On your marks, get set and get ready for the first POWER (Austin People Organizing Wealth and Economic Resources) 5K walk and run.
Organizers of the Sept. 26 walk/run held a rally last weekend at Columbus Park Refractory, 5701 W. Jackson Blvd.
Several dozen people turned up for the event, where they had an opportunity to register for the race/walk at a discounted rate and take a lap around the park.
“The 5K is an opportunity to come together and really address health, address the look of Austin and just what we want to do to create a more cohesive community,” said Malcolm Crawford, president of the Austin African American Business Networking Association, one of the event’s sponsors.
Other sponsors include the 15th District Chicago Alternative Policing Strategy (CAPS), Helping Our People Excel (HOPE) and Performing Community Solutions.
“This is a true collective effort,” Crawford said. “We have pastors, businesses, we have elected officials, you have somewhat of everybody here. So, it’s a real coming together of everybody in the community.”
Early registration continues through Aug. 15, said Latrice Hampton of HOPE.
Cost is $30 for individuals, $250 for teams up to 10 people, and a mile walk for seniors and youth is $10. After Aug. 15 registration increases to $35, $300 and $15, respectively, Hampton said.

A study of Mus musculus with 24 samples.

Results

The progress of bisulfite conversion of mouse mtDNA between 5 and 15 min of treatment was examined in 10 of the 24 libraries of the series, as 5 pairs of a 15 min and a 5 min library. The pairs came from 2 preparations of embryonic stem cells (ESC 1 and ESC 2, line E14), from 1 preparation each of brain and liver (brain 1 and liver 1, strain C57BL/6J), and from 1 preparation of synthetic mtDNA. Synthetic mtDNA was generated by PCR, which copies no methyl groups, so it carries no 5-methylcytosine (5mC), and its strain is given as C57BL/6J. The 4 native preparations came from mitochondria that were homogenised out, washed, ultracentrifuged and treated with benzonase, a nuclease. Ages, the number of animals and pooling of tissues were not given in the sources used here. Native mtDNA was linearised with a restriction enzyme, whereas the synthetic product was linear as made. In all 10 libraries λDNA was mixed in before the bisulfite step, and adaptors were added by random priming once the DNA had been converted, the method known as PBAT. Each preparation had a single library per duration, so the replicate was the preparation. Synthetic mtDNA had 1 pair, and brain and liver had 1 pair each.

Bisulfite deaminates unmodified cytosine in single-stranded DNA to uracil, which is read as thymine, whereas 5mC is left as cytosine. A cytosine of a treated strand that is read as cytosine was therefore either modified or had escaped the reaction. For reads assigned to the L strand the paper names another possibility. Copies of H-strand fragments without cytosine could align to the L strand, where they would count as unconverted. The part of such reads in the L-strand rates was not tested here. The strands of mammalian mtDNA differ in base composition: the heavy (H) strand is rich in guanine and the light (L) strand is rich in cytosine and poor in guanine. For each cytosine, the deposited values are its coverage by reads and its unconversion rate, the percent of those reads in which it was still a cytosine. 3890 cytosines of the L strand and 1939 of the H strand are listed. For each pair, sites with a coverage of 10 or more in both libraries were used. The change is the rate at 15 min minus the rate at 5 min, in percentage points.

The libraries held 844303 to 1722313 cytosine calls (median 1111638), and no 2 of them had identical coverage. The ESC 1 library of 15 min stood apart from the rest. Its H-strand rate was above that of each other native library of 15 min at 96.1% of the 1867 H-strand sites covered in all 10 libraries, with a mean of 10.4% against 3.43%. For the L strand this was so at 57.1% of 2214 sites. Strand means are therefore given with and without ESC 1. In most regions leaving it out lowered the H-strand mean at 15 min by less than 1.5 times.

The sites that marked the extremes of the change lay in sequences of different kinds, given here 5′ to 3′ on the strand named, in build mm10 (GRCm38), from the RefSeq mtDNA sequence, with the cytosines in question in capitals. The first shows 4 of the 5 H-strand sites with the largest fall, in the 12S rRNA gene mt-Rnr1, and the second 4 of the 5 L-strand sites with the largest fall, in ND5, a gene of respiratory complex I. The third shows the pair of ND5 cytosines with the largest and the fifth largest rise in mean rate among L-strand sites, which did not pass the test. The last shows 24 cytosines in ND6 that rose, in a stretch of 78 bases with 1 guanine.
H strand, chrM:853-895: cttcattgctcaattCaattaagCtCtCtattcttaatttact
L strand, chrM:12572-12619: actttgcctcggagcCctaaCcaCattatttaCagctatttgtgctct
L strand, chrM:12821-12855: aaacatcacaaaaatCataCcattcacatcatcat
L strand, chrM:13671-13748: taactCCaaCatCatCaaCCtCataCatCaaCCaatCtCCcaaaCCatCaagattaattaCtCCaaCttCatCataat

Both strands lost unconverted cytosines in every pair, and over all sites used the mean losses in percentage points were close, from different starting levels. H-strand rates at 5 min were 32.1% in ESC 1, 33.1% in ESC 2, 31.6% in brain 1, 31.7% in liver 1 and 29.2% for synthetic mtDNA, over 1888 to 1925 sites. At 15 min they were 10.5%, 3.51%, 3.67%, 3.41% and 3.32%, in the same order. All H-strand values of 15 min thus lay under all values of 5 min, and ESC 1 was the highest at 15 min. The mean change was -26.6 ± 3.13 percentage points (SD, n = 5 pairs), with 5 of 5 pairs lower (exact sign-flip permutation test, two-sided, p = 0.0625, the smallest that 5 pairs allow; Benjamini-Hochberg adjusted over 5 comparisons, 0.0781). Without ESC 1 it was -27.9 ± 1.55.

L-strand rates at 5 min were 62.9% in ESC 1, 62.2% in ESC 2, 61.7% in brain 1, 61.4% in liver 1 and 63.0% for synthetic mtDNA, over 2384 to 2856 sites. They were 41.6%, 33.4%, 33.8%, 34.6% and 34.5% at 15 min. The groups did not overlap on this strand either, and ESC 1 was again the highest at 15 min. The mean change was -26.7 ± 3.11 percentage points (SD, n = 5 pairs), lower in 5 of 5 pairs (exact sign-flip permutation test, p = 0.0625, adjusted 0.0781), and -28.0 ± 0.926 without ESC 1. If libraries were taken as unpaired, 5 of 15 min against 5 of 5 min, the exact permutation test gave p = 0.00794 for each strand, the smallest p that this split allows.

The 5K will begin at the intersection of North Mayfield and Chicago avenues, continue east to Cicero Avenue, turn north to Augusta Boulevard, then south on North Lavergne Avenue and finally back west on Chicago Avenue to the finish line, said Pastor Tim Hoekstra of Hope Community Church.
Organizers hope 700 to 1,000 people will take part, said Pastor Steve Epting of Hope Community Church.
The main goals of the event are to help people improve their fitness level, rally around youth development by creating opportunities in entrepreneurship, provide scholarships and after-school programs, and share development plans for Chicago Avenue, Epting said.
“When you create a vision, people need to see their place in the vision,” Epting said.
While there are no prizes for participants, Crawford said, everyone who takes part will be welcome to an after-run festival featuring live entertainment and local vendors.
Some people at the rally — including recent Michigan State graduate Tejuanna Williams, who competed in track and field there and is a member of Hope Community Church — said they’re excited for both the chance to participate in the 5K and raise awareness about issues facing Austin.
“I’m a short-sprinter, but I will try my hardest to get through this (5K),” Williams said. “We’re very adamant about helping out the youth; we like to give back to the community. So, if we can run to benefit others, I think that’s an easy way to benefit people, so why not do it?”
For more information about the event or to register online, click here.